NOLAN RYAN
Born: January 31, 1947 in Refugio, Texas
Biography | show moreshow less
Full name Lynn Nolan Ryan
Born January 31, 1947, Refugio, Texas
First Game: September 11, 1966; Final Game: September 22, 1993
Bat: Right Throw: Right Height: 6' 2" Weight: 170

Selected to the Hall of Fame in 1999
Named AL Pitcher of the Year by The Sporting News (1977)
Named right-handed pitcher on The Sporting News AL All-Star Team (1977)

NOLAN RYAN
This article was written by Talmadge Boston and is presented in part, courtesy of the Society for American Baseball Research
Nolan Ryan has more strikeouts and no-hitters than any other pitcher in history. Despite never winning a Cy Young Award, he started more games than anyone except Cy Young. Though he played mostly for mediocre teams, his 324 wins are as many as contemporary Don Sutton, who pitched for four pennant winners and just missed a fifth. Yet Ryan's dominance—his 5,714 strikeouts were 2,000 more than Sutton and 1,500 better than Steve Carlton, whom he once trailed in the all-time K race—puts The Ryan Express head and shoulders above almost any other pitcher since 1970. His longevity—winning a strikeout crown and throwing a no-hitter while being the oldest player in the game at the age of 43—makes him the stuff of legend. And in one day in 1971, Ryan's change of coasts became the best trade the California Angels ever made and the worst deal in New York Mets history. He may have walked more batters and thrown more wild pitches than anyone else in the game's history, but that just proved he was human.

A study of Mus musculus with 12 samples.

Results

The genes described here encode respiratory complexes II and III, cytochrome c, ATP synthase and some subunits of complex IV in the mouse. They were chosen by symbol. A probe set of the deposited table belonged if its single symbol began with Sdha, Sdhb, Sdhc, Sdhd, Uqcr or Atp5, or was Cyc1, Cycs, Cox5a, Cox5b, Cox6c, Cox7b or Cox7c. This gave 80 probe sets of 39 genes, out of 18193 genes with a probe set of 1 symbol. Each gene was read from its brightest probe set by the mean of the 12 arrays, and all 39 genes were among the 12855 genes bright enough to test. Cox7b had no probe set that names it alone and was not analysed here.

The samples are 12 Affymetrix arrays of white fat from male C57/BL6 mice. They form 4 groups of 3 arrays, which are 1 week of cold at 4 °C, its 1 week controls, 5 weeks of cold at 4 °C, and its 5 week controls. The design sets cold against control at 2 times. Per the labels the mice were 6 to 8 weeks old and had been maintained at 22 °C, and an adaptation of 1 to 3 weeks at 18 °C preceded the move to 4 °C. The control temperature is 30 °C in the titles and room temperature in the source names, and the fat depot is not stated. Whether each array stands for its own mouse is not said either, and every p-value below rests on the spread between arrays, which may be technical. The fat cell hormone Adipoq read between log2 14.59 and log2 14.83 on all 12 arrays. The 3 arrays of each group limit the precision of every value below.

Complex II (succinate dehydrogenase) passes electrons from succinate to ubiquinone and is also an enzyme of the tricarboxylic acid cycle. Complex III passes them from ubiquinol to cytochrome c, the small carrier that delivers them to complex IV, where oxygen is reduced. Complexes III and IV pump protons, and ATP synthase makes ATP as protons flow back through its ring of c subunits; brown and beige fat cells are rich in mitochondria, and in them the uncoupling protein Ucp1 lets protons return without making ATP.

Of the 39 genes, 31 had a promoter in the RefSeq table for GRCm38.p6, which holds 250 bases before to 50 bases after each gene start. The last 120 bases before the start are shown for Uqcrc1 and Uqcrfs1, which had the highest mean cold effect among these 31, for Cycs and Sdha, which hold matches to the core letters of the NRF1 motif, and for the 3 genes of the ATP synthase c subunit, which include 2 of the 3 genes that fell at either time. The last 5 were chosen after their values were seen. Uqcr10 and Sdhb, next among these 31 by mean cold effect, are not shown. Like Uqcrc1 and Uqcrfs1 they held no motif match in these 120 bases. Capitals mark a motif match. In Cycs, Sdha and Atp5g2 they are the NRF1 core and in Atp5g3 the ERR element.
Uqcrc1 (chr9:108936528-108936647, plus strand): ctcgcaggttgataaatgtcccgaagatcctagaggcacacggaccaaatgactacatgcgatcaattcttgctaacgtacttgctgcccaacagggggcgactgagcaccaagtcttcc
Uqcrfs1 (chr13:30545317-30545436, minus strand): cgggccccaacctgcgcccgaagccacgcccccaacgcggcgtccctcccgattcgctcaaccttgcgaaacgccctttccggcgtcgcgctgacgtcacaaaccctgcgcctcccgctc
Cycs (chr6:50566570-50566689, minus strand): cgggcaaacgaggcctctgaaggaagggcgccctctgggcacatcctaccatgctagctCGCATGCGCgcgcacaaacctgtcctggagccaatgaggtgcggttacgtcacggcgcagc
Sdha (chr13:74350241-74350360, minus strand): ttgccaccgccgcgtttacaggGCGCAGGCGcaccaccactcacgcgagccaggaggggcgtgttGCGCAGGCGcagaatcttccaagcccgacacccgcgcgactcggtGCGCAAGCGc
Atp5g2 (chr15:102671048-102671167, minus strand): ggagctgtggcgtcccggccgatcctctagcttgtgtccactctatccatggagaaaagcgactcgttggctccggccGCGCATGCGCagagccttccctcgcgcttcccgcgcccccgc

Born on January 31, 1947, in Refugio, Texas, Lynn Nolan Ryan was the son of Robert Ryan and Martha Lee Hancock Ryan (a descendant of John Hancock, first signer of the Declaration of Independence). The youngest of six children, he had a brother and four sisters. The Ryans moved from Refugio to Alvin, Texas, when Nolan was six weeks old because his father was transferred to the Alvin area. His father was plant supervisor at Hastings plant for Stanton Oil Company, which became Pan American Petroleum.

Nolan began playing baseball at seven with his father in their front yard. From there, the boy decided on his own that he loved playing the game and he started playing on a nearby vacant lot, where neighborhood kids built a diamond. Little League baseball had only recently come to Alvin, and it soon provided the official start to Nolan Ryan's career at Schroeder Field, where he became an all-star for the first time.